The Treasury Department yesterday issued proposed regulations to comprehensively implement the Foreign Investment Risk Review Modernization Act of 2018 (FIRRMA), which seeks to more closely scrutinize certain investments and real estate transactions potentially affecting national security. (New York Times, Sept. 17)
- The proposed regulations include reforms to the Committee on Foreign Investment in the United States (CFIUS) – an interagency committee authorized to review certain transactions involving foreign investment in the United States for national security concerns. The CFIUS reforms in FIRRMA received broad support in Congress and were signed by President Trump on August 13 as part of a defense funding bill. (Wall Street Journal, Aug. 15 and Roundtable Weekly, August 17)
- The Treasury released the rules, which affect real estate and private equity transactions, in two parts:
- The second part of the regulations clearly demonstrate that the federal government is intent on reviewing more real estate transactions for security concerns, while considering country-specific exemptions for the first time.
- The text affecting real estate includes, "FIRRMA expands CFIUS’s jurisdiction to include certain types of real estate transactions involving the purchase or lease by, or a concession to, a foreign person of certain private or public real estate located in the United States.”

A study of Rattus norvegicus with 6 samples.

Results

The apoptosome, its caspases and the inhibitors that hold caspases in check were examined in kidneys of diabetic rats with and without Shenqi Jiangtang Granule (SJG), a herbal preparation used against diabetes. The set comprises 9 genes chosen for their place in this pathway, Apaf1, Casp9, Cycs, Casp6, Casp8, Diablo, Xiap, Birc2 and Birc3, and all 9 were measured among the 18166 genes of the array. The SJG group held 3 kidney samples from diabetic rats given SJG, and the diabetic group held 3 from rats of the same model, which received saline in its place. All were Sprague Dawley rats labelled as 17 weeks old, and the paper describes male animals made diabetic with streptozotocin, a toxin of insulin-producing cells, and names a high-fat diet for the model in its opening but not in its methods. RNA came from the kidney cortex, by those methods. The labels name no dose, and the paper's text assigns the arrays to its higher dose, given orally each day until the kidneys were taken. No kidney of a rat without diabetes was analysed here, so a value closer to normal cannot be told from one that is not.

- The rule continues, “FIRRMA focuses on two general categories of real estate and provides certain exceptions. The first category of real estate is described by its relation to airports and maritime ports. The second category of real estate is described by its relation to U.S. military installations and other facilities or properties of the U.S. Government that are sensitive for national security reasons."
- An analysis of the proposed CFIUS reform regulations is available via Bloomberg Law.
- The full text of the proposed regulations and frequently asked questions can be found on the Department of the Treasury’s website.
The Roundtable plans to prepare comments, which are due by October 17, 2019 before the law is scheduled to go into effect in February, 2020.